Law can sometimes be slow to catch up to technology. The rights of businesses and parties are often left to judges and juries that may not have full understanding of new technologies that the general public may not even fully understand. If you search “cell phones and the constitution” online you will find that criminal laws are still trying to deal with text messages and GPS tracking, even though these technologies are years old. Like criminal law, injury and negligence law also can be slow to adapt its laws to emerging technologies.
One such technology that promises to create legal issues is the self-driving car. Although currently being tested by Tesla, Google has also tested the technology, and it is likely that as time goes on, these vehicles will become commonplace on our roads.
Ideally, taking the human element out of driving should reduce the number of car accidents on our roads. Unlike their human counterparts, computers in self-driving cars do not drive intoxicated, they do not get distracted, they do not drive underage, and they generally follow the rules that they are programmed to follow.
Accident Raises Questions
A recent accident has made the public take a second look at self-driving cars. Recently, a rider was killed while in one of Tesla’s self-driving cars. It appears that the technology in the car became confused when a high profile of a truck blended with the sky. As a result, the car’s automatic response to brake did not kick in.
This is a core problem with self-driving cars. On the one hand, they must be programmed to immediately brake to avoid collisions. On the other hand, the cars can not brake unnecessarily, as that would cause injury, as well. They are programmed, for example, to recognize that an overhead directional sign is not an oncoming car. But as is apparent with the recent accident, with the right angle and lighting, the car is not yet able to tell when it should and should not brake.
Products Liability Cases
When a self-driving car causes an accident and injures a passenger, who is liable? That is an unresolved legal question, but preliminarily, it looks like the matter would be handled like a products liability case.
Products liability cases are those for when products malfunction or are defective and injure people. We hear about these cases all the time. Jeep was recently sued due to a defect in its transmission system which the family of actor Anton Yelchin alleges caused his death. Numerous SUV manufacturers were sued in the 80s and 90s for the vehicles’ propensities to tip over on sharp curves. Pharmaceutical companies are sued often for products that cause health problems.
Products liability cases generally fall into two categories. The first is a manufacturing defect. This is when the product does not work the way it is supposed to; that is, the product comes off of the assembly line incorrectly compared to its brother and sister products. One example would be if a lawnmower you bought had a cut-off safety switch that did not work, causing injury. The switch works in every other similar lawnmower, it was just broken in yours. It was manufactured improperly.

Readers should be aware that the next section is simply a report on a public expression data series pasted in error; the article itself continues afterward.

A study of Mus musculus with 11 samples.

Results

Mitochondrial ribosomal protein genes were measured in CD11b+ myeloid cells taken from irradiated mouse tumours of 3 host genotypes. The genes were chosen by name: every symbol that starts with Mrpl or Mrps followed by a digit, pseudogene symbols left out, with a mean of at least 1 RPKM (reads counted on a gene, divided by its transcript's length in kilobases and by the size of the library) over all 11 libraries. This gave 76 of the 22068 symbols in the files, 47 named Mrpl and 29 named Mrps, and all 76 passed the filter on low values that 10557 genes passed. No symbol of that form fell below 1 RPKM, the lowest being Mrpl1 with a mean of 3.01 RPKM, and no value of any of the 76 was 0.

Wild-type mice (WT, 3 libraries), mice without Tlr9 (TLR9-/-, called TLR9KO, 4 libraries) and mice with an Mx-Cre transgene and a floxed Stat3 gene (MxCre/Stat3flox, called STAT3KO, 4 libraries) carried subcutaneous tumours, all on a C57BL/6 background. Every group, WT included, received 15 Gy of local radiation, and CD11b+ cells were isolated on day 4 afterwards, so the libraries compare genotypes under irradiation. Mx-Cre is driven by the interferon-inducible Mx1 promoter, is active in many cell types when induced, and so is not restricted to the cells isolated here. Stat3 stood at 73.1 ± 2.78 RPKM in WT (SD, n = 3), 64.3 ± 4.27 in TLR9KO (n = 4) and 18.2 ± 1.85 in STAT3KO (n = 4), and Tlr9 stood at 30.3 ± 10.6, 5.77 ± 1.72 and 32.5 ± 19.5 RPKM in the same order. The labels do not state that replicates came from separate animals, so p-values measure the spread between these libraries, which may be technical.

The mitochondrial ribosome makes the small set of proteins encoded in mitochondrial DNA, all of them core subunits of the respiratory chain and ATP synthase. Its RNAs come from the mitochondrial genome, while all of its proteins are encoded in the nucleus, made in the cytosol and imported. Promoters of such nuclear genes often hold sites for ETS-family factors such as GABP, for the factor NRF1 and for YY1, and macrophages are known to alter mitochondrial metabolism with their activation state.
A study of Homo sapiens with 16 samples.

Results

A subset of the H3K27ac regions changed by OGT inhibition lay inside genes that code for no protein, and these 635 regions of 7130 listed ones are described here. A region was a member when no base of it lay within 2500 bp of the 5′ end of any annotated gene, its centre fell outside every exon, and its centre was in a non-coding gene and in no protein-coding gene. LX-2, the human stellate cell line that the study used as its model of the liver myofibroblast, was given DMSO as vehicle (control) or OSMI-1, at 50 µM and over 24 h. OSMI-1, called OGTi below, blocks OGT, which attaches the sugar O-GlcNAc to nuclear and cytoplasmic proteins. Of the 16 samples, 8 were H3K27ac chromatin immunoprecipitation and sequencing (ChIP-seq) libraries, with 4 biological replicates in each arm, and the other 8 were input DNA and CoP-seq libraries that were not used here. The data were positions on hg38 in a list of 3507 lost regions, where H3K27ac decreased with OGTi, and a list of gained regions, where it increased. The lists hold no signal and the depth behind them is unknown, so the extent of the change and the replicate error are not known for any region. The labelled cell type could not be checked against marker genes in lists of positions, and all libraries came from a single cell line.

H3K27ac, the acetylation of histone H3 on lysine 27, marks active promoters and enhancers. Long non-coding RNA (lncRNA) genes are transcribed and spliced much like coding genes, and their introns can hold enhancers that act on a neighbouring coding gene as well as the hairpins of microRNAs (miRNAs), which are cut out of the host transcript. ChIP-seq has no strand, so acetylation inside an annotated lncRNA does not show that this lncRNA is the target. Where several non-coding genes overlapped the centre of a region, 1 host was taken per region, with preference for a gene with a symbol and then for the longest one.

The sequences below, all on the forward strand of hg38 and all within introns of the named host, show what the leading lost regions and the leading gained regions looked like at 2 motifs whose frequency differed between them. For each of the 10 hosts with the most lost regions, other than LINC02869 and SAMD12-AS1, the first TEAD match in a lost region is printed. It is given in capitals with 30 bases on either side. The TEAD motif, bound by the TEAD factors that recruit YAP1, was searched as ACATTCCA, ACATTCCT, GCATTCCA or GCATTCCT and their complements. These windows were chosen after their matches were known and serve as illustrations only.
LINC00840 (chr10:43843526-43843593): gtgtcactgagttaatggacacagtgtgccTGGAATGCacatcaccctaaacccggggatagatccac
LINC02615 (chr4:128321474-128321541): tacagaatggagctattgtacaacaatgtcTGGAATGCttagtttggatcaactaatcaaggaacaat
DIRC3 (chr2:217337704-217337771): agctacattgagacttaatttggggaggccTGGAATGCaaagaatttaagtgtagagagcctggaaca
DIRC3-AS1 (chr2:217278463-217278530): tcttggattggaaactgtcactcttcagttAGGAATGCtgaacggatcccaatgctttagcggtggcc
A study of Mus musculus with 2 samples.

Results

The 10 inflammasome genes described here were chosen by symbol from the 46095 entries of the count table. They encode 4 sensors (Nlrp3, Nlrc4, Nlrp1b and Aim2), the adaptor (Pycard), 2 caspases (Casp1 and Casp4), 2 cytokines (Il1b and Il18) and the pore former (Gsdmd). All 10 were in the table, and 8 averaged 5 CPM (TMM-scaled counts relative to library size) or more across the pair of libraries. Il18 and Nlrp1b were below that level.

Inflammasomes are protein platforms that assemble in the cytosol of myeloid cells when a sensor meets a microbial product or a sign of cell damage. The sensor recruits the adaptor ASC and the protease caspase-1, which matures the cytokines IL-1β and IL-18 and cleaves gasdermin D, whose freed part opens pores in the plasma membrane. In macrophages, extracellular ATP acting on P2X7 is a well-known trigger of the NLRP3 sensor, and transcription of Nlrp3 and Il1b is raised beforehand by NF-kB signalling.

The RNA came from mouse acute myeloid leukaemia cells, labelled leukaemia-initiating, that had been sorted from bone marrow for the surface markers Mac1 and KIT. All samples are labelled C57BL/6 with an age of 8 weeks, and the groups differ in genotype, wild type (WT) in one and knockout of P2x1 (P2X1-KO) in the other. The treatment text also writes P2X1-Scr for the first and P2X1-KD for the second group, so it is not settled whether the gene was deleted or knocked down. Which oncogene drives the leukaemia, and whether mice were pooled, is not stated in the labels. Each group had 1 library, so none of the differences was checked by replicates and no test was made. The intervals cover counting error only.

The other kind of product liability case, and the one that a self-driving car lawsuit would likely fall under, is what is known as a design defect. This is when a product works exactly as it was intended to, but the design itself is inherently dangerous.
So, for example, all the SUVs that rolled over years ago were designed improperly, with a center of gravity that was too high or a wheelbase that was too narrow. It is not that any single SUV was defective, they all were, based on their design.
Here, there is no indication that the computer in the Tesla malfunctioned. It did what it was programmed to do. Thus, the issue would be whether the design or programming of the self-driving car was itself dangerous.
Solutions May Be Difficult
Sometimes, the design of a product has to be dangerous, and thus, the best solution is a safety workaround. Using our lawnmower example, a lawnmower will always have sharp blades whirling at high speeds. That can not be changed. So, they are designed with safety cutoff switches, protective covers for the blades, and other safety features.
It may be that a self-driving car, being a computer, will never be completely safe, and thus, experts are now discussing how to make self-driving cars safer, and how accidents can be avoided in the future with appropriate safety measures and precautions. Many advocate that passengers in these cars still maintain control of the steering wheel, and be alert of their surroundings. It is possible that driver overrides will be needed.
And, at least as of now, the injury rate in these cars is low enough that it is possible nothing needs to be done. Just because a product injures one person does not mean it is defective. Every day products are sold that injure people, but which millions more use every day without injury.
In many cases, courts must balance between how safe a product can be made, how much the public needs the product, and the necessity of requiring additional safety measures. It is likely that this will be a balancing act that a court will one day have to apply to the self-driving car.
If you have been injured by a product that you think did not work the way that it should have, or was defective for any reason, do not guess at who may be negligent. Contact attorneys with the technical and legal expertise to analyze these issues. Call the attorneys at Brill & Rinaldi for a free consultation to analyze your product liability case.